Your safety committee can be a powerful tool for injury prevention.
A group of dedicated employees from throughout your company focused on making your workplace safer can make a real difference.
Whether you have a safety committee already or are thinking of starting one, you can use these ideas as a guide.
The value in being proactive
For one SFM policyholder, a proactive step taken by a safety committee member helped prevent what could have been a serious injury.
This committee had created safety checklists in partnership with workers in different areas of the business. They walked through the checklists before each committee meeting.
On one walk-through, a safety committee member discovered a frayed cord on a welder. The employee immediately reported the defect and had the machine taken offline until it could be fixed. He didn’t wait until the meeting to report the issue, since this could cause electrocution. The committee member was proactive and empowered to address safety concerns on the spot.
Safety committees are most effective when they can identify issues and have the power and resources to solve them. When a safety committee is working as it should, employees and managers work together to address safety concerns before they cause injuries. A successful committee can boost morale when employees feel heard and see their concerns addressed.
Benefits of a safety committee
You may be required by law to have a safety committee, but even if you’re not, it’s worth considering.
In Minnesota and Iowa, companies with more than 25 employees are required to have a safety committee that meets regularly. Some companies with fewer than 25 employees may also need a committee, depending on their safety record and industry. States under federal OSHA do not have a safety committee requirement. (If you’re not sure whether you need a safety committee, check with your regional OSHA office.)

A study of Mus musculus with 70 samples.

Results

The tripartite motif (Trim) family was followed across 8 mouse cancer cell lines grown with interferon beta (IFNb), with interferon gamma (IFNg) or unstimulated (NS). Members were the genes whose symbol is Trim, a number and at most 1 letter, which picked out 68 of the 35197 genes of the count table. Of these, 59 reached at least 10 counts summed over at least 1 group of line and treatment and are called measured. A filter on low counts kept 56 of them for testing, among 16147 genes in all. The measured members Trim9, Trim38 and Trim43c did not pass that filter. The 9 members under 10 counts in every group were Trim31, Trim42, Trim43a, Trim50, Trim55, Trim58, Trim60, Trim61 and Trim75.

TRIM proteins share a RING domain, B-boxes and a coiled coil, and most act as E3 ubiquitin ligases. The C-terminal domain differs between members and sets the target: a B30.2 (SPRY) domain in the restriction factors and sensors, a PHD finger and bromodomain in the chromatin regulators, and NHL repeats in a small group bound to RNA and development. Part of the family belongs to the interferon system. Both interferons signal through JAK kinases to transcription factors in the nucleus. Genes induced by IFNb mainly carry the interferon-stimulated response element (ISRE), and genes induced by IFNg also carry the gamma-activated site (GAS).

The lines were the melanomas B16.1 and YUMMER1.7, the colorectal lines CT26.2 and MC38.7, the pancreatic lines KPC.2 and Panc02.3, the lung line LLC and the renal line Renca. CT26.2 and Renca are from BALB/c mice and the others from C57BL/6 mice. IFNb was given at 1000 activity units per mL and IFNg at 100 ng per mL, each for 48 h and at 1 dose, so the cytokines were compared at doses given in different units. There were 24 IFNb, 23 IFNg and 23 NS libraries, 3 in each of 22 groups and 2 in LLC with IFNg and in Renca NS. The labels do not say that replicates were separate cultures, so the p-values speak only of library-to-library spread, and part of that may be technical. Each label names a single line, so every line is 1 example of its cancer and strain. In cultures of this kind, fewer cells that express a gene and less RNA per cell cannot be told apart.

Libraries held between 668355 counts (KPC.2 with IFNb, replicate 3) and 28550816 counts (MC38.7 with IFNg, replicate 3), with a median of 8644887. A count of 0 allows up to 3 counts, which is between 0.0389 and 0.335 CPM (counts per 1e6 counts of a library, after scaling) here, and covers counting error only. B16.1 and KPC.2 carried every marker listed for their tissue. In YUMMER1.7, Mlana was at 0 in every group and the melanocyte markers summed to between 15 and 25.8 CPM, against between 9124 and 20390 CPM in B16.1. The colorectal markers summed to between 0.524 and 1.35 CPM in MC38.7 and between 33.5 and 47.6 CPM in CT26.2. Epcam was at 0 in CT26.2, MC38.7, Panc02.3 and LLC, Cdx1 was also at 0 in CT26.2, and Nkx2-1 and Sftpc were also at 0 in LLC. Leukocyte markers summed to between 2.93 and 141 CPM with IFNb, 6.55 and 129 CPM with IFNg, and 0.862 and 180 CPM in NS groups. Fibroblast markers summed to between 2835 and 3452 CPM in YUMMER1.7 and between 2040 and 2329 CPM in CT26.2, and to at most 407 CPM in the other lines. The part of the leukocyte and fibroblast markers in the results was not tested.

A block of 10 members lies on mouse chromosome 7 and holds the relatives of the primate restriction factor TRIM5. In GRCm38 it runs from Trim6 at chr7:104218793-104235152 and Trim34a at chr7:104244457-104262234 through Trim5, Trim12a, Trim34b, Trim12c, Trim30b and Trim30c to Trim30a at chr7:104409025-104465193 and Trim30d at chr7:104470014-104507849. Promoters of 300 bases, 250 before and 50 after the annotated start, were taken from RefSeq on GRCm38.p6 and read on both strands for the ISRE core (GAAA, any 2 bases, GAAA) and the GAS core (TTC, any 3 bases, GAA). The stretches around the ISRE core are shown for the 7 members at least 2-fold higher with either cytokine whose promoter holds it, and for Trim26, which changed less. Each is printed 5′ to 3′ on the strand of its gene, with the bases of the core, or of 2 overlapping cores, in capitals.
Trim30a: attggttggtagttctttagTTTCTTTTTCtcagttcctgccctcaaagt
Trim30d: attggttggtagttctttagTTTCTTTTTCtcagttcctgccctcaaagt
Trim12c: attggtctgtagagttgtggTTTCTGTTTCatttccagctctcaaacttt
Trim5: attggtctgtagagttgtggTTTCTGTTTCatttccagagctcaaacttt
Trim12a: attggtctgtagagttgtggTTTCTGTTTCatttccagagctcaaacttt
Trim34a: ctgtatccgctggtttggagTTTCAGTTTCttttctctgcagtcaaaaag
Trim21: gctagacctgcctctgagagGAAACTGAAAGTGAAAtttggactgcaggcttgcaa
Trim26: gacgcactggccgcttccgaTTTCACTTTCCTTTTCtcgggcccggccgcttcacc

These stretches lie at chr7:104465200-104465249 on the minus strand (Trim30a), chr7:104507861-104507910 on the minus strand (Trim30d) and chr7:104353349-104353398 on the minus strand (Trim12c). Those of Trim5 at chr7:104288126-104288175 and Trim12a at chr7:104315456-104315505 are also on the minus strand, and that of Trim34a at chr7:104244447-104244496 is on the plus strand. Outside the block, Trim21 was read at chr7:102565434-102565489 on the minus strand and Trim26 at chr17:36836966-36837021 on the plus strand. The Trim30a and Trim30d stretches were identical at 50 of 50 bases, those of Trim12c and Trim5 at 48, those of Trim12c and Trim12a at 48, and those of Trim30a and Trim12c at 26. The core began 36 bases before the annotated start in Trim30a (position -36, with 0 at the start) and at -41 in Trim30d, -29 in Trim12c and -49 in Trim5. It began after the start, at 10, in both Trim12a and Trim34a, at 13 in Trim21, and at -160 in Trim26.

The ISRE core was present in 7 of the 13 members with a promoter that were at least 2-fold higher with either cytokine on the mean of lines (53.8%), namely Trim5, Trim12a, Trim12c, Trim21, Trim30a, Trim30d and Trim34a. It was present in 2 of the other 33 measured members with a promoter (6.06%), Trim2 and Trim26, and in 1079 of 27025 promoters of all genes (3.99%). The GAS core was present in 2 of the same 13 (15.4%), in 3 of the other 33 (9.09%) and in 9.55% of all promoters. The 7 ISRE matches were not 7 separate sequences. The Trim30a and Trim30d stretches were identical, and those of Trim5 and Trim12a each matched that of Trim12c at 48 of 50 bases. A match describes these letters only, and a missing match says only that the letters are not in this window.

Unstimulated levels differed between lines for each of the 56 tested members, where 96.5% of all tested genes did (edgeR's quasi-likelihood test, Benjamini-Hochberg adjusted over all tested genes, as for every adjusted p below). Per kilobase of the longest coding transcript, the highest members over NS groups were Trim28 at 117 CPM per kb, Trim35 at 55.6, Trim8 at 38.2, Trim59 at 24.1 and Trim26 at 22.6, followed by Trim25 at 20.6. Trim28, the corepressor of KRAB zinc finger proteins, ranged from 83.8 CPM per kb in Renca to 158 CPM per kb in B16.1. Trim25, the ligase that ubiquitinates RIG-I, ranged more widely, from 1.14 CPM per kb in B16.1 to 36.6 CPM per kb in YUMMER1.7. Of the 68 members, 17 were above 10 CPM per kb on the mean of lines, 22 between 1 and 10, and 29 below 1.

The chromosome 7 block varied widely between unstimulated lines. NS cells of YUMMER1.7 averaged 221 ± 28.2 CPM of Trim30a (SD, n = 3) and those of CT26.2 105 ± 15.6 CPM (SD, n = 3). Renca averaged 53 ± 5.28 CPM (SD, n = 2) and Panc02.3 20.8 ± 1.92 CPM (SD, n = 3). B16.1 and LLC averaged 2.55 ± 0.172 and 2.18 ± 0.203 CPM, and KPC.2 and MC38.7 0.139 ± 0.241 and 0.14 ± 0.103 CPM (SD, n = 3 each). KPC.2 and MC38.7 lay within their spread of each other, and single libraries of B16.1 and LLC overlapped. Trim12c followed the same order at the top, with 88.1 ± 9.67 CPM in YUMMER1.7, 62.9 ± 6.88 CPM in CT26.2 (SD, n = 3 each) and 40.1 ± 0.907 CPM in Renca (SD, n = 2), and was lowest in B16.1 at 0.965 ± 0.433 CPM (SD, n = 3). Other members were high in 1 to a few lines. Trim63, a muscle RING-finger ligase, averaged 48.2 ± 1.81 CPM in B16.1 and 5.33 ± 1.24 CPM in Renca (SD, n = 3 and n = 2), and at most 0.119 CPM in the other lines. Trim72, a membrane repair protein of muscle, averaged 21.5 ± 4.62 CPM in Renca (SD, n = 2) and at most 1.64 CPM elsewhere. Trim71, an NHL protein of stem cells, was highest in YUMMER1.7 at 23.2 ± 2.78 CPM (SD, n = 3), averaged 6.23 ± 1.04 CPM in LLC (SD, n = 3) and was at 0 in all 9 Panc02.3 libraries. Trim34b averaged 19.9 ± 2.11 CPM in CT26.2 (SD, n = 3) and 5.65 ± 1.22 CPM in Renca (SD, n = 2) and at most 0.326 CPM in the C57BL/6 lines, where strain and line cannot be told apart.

Even if you’re not required to have a safety committee, it can help you:
- Give employees an avenue to bring up safety concerns
- Identify and correct hazards before they cause an injury
- Involve management and employees in making safety part of your company culture
- Educate employees about risks
- Reduce the risk of OSHA citations or other state penalties
And of course, if the committee’s work can prevent even one worker injury, it’s time well spent.
Safety committee responsibilities
Once your safety committee is established, you’ll want to define its scope and responsibilities.
You may decide to make your committee responsible for some or all of the following:
- Reviewing your safety policies and practices
- Doing regular safety walk-throughs of your facility and noting any concerns
- Encouraging employees to report safety hazards to your group
- Looking at past incidents and “near misses” for patterns and areas to focus on
- Looking ahead to potential issues that could happen in the near-term
The committee provides a venue for front-line employees and managers to work together. It engages people at all levels of the organization and helps to build a culture of safety.
Seven activities to promote safety
Are you looking for ideas to inspire your employees or to re-invigorate your safety committee? Get the committee out of the conference room and out into your facility with these ideas for hands-on activities:
- Write safety tips for your company newsletter or intranet
- Schedule a series of Supervisor Initiated Trainings (SITs) on relevant topics
- Record a video about a safety issue
- Hang up safety posters from SFM around the facility
- Create an award for employees who are “caught” practicing safety
- Bring in an ergonomics specialist to evaluate workstation set-up
- Involve committee members in choosing personal protective equipment
When your safety committee is engaged and empowered, it can serve as a vital piece of your loss prevention program. With enthusiastic members and creative activities, the committee can spread a culture of safety to every employee.